According to the Richmond Times Dispatch, Virginia taxpayers will begin receiving one time tax rebates next week, either directly to their bank accounts or through the mail.
The Department of Taxation expects to issue a total of 3.2 million rebates by the end of the year, with 2.9 million of them due to arrive by mid-October under a Oct. 17 deadline for taxpayers who filed their returns before July 1. The department will begin issuing the rebates Monday.
Individual taxpayers will receive up to $250, and couples filing jointly will receive $500 under the plan that the newly elected Gov. Glenn Youngkin pushed and outgoing Gov. Ralph Northam included in his budget proposal last year.
Some payments may be reduced for taxpayers who have other state liabilities that state law requires them to pay back first. The last time the state sent rebate checks to taxpayers, in 2019, about 900,000 filers were ineligible — the law requires that taxpayers paid at least as much as they would receive — and for 300,000, the checks were reduced or fully offset by other outstanding debts .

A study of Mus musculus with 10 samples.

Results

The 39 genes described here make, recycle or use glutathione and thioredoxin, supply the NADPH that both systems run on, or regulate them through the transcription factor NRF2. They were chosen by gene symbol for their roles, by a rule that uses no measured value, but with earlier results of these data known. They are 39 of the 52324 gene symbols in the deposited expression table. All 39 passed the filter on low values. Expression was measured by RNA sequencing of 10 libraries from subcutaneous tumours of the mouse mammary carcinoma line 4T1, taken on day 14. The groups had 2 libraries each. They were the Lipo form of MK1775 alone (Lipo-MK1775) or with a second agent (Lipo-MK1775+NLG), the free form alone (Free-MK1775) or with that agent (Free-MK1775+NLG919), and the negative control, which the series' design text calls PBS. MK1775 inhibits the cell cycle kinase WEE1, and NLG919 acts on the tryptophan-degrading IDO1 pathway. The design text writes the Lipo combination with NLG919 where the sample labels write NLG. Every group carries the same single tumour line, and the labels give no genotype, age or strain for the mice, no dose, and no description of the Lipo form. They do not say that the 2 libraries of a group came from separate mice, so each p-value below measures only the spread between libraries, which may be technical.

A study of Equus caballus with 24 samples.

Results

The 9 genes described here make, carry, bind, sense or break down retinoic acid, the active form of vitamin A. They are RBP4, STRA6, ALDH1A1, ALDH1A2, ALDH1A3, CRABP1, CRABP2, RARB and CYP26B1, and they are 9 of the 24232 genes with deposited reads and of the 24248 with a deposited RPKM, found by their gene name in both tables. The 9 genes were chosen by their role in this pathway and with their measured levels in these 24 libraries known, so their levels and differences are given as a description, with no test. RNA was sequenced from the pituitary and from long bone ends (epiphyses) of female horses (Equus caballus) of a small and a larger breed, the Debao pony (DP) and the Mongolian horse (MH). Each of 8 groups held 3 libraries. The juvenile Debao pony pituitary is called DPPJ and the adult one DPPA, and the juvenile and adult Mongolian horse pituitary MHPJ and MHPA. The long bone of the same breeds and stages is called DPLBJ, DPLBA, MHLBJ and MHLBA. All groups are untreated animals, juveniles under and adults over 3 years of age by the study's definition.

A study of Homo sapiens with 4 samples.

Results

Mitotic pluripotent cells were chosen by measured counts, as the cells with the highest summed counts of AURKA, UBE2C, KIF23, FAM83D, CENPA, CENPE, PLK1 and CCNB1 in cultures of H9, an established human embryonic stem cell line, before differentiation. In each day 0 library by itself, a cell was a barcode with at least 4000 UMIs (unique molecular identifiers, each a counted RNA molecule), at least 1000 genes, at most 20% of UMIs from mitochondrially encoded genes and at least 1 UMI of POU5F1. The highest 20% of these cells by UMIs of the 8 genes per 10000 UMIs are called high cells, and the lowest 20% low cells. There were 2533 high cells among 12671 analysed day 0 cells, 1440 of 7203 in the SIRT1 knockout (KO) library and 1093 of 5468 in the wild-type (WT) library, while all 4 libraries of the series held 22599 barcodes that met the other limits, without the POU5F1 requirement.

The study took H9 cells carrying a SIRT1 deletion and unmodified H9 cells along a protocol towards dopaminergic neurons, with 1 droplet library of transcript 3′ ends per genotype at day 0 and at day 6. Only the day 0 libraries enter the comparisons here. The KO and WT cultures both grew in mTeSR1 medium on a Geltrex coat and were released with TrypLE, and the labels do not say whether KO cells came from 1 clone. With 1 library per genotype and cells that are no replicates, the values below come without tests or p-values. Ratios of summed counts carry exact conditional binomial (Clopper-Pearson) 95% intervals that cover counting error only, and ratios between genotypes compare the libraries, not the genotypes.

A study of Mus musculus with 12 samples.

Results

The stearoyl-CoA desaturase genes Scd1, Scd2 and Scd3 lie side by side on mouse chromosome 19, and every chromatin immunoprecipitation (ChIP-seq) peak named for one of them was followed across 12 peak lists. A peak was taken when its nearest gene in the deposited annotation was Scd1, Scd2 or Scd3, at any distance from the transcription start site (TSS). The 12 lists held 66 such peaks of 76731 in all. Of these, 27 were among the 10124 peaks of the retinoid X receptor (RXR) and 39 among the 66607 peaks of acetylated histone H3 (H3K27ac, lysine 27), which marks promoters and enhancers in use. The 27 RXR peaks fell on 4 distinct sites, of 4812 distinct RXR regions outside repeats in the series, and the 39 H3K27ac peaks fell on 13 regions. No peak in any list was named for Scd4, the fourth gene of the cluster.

The pending tax rebate wasn’t the only good news for the House Appropriations Committee on Tuesday.
The Youngkin administration reported that state revenues rose by almost $224 million in August compared with the same month a year ago, or 5.3% after adjusting for an extra payroll deposit day.
State lawmakers were encouraged by the continued growth in state revenues — especially in payroll income taxes that reflect new jobs and higher wages.
“Maybe we’ll have a little bit of a soft landing,” House Appropriations Chairman Barry Knight, R-Virginia Beach, told Secretary of Finance Steve Cummings.
Knight said he also is encouraged that the continuing decline in gasoline prices has moderated the rise in inflation for other goods and services. “It looks like inflation isn’t rising as fast as we thought it might be,” he said.
The Bureau of Labor Statistics reported on Tuesday that inflation rose 0.1% in August compared with July, when it was flat from the previous month. However, prices were 8.3% higher in August than the same month a year ago after peaking at 9.1% higher in June and subsidizing to 8.5% in July.